New Delhi: While it can be argued that many citizens who follow the judiciary closely expected outgoing Chief Justice of India NV Ramana to be much better than his immediate predecessors like SA Bobde and Ranjan Gogoi, history may record that he flattered to deceive.
His actions – and judicial pronouncement – inside the court, it can be argued, seldom matched his words outside.
While his tenure witnessed several politically and socially significant events like the unraveling of the (mis)use of Pegasus software by unnamed agencies to hack and target mobile phones of several citizens, including those holding Constitutional positions, the challenge to sedition law, the controversial release of the 11 convicts involved in the gangrape of Bilkis Bano in Gujarat in 2002, the Supreme Court didn’t show the alacrity that one expected from the country’s top constitutional court.
As CJI, Justice Ramana was never short of strong words, clearly underlining the importance of constitutional values and the need to protect the rights of the citizens. But, these words were seldom followed or preceded by affirmative action on his part.
But, more significantly, as CJI, the biggest failing of Justice Ramana’s 16-month-long tenure was his failure in giving top priority to cases that involve important questions pertaining to the Constitution.
Consider this: as reported by my colleague Riddhima Kedia, between May 1, 2021 – after he had taken over as CJI – and August 1, 2022, the number of pending cases in the Supreme Court rose from 67,898 to 71,411.
More worryingly, there was a sharp upswing in the pendency of constitution bench matters during CJI Ramana’s tenure at the helm. While there were 444 Constitution bench matters that were pending before the Supreme Court on May 1, 2021, the number had risen to 492 by August 1 this year.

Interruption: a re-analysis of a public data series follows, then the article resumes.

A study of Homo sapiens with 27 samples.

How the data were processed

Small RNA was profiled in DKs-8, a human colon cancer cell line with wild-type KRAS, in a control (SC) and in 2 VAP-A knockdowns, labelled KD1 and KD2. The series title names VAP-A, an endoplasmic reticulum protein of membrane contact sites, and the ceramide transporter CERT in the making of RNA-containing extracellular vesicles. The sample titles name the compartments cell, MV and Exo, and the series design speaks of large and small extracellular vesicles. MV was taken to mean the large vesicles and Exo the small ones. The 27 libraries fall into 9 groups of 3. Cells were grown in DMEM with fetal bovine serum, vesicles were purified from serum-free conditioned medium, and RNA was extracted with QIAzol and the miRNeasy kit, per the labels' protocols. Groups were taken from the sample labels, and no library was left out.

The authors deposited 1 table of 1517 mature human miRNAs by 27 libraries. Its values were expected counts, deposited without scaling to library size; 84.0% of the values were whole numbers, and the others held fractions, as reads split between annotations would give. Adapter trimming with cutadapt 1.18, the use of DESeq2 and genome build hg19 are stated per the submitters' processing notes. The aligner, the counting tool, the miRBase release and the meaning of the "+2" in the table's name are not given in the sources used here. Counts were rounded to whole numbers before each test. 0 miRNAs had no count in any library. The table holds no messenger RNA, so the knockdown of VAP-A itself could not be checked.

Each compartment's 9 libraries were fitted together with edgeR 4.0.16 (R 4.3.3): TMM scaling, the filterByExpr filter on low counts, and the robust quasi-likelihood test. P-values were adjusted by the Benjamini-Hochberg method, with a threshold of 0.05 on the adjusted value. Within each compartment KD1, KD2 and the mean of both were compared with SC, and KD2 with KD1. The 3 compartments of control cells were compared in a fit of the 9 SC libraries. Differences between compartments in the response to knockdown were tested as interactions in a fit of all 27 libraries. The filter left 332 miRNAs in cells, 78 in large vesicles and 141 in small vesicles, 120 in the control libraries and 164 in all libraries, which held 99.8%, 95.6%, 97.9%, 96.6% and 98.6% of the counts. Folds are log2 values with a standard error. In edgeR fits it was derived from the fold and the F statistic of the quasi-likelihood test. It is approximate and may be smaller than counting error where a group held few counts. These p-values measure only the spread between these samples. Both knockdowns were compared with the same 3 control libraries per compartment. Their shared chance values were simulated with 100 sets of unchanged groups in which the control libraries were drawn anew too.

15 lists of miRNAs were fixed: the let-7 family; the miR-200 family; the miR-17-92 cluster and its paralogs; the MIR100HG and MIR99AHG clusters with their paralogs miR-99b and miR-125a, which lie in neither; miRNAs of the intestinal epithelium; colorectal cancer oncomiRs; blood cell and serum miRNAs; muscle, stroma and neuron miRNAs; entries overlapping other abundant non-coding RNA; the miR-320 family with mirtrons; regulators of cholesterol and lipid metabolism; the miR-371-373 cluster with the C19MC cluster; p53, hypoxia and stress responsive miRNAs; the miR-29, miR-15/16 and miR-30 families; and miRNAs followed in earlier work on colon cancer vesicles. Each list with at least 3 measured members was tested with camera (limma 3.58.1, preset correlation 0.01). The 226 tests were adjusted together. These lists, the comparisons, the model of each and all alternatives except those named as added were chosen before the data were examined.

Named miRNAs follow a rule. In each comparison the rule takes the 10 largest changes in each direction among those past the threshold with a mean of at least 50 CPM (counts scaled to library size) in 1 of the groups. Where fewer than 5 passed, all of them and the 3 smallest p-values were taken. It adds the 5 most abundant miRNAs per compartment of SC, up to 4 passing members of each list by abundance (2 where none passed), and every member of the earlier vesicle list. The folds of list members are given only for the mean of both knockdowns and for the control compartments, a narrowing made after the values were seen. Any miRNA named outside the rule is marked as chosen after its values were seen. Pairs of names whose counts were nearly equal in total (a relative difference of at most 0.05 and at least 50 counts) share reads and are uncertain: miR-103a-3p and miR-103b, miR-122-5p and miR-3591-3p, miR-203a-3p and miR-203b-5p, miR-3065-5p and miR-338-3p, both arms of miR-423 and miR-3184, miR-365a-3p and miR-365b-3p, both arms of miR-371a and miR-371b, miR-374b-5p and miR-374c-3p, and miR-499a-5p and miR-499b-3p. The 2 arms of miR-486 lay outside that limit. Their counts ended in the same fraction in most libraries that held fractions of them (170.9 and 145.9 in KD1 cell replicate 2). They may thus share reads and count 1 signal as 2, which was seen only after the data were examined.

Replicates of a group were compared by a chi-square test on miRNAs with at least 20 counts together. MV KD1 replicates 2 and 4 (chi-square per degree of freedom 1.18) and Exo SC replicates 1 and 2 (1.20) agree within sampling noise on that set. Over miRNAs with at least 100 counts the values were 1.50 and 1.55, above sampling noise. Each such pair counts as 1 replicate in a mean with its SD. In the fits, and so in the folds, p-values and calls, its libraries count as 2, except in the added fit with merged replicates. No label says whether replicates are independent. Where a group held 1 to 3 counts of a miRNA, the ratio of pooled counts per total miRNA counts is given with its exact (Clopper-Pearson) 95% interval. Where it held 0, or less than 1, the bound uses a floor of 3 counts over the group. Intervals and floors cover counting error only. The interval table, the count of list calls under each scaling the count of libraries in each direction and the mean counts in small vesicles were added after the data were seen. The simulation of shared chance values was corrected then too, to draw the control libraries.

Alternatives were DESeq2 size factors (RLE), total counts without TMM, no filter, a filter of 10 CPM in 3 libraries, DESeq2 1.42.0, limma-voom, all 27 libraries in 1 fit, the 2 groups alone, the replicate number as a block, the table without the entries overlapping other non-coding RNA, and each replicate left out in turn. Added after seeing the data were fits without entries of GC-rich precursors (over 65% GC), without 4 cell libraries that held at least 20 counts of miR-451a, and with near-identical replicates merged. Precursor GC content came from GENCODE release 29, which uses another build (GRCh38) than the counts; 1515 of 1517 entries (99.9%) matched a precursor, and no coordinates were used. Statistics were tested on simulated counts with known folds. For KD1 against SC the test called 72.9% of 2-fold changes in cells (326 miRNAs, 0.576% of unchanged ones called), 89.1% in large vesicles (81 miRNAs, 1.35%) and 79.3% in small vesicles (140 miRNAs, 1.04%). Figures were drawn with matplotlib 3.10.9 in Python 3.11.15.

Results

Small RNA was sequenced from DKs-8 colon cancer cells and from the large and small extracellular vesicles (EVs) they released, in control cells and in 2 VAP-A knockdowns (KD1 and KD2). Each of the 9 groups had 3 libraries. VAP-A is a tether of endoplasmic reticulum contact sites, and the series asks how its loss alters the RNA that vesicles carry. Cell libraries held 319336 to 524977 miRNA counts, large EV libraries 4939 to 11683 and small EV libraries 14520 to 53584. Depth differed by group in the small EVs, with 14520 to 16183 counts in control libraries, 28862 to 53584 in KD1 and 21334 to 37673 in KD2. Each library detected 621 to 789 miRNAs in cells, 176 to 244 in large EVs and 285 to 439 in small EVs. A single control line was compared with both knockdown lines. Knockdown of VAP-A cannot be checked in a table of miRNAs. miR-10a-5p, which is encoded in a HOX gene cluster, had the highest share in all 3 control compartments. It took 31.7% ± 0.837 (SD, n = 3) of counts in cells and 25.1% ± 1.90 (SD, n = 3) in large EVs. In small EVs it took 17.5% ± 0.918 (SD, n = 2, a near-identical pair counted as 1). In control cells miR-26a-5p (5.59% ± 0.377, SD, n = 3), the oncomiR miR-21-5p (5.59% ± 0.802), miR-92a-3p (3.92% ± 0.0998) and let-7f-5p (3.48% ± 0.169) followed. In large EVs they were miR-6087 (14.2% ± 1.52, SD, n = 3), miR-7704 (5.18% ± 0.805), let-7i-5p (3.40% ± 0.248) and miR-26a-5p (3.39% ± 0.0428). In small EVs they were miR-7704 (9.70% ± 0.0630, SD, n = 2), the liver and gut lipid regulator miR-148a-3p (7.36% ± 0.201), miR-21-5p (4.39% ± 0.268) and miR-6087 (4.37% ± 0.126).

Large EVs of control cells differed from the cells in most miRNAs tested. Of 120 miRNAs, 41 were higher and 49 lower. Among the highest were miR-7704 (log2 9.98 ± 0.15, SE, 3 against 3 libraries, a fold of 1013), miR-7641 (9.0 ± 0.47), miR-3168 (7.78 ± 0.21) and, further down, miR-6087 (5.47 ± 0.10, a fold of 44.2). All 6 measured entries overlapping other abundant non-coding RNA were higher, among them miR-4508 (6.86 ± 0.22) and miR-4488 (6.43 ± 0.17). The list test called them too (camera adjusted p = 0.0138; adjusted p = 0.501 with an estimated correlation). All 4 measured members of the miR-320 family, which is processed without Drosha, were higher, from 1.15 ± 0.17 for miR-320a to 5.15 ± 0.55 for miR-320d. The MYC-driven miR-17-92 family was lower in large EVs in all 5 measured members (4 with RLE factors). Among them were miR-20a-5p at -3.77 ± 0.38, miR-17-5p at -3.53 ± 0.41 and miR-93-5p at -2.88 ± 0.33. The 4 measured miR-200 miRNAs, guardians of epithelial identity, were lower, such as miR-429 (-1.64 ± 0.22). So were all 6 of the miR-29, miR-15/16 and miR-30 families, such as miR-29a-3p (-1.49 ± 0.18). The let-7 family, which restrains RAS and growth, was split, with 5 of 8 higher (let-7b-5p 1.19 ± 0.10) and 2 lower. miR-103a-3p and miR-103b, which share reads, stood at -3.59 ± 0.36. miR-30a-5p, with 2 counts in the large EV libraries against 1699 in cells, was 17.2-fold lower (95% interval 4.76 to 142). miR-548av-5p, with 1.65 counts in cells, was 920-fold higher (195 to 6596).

Now, in what could be a significant development that happened just two days before Justice UU Lalit assumes charge as the new CJI, the SC registry has notified that from August 29 onwards, 25 five-judge matters will be listed before the appropriate benches.
The country’s top Constitutional court could finally be getting its priorities right.
To better understand the shortcomings of CJI Ramana and the Supreme Court under him, read this well-researched piece by Saurav Das.
Among the important cases that should have been heard and possibly decided by the country’s top court in the last 16 months but were weren’t are the challenge to the constitutionality of the partial abrogation of Article 370 in Jammu and Kashmir, whether reservations must be caste-based or based only on economic criteria, constitutionality of the opaque electoral bonds schemes and the challenge to the Citizenship (Amendment) Act.
However, while he didn’t find time to either heard himself or allocate to another bench – something that was in his remit as master of the roaster, most cases involving serious questions involving the Constitution, CJI Ramana spent a lot of time to hear, along with other members of his bench, the issue of freebies.
Even though by his own admission, the issue of freebies was a “serious issue” but one that was one best left to the legislature , CJI Ramana decided to still intervene. In multiple hearings since the Supreme Court agreed to hear on urgent basis the PIL filed by a BJP leader on the issue, the bench headed by CJI Ramana has made several significant and, often, politically-loaded statements.
As Chief Justice of India (CJI), while he ensured that the collegium cleared over 250 names for various high courts, what wasn’t done was to ensure that the constitutional courts dealt with pending cases on priority.
And that is why history won’t judge his tenure at the helm of India’s judicial system in good light.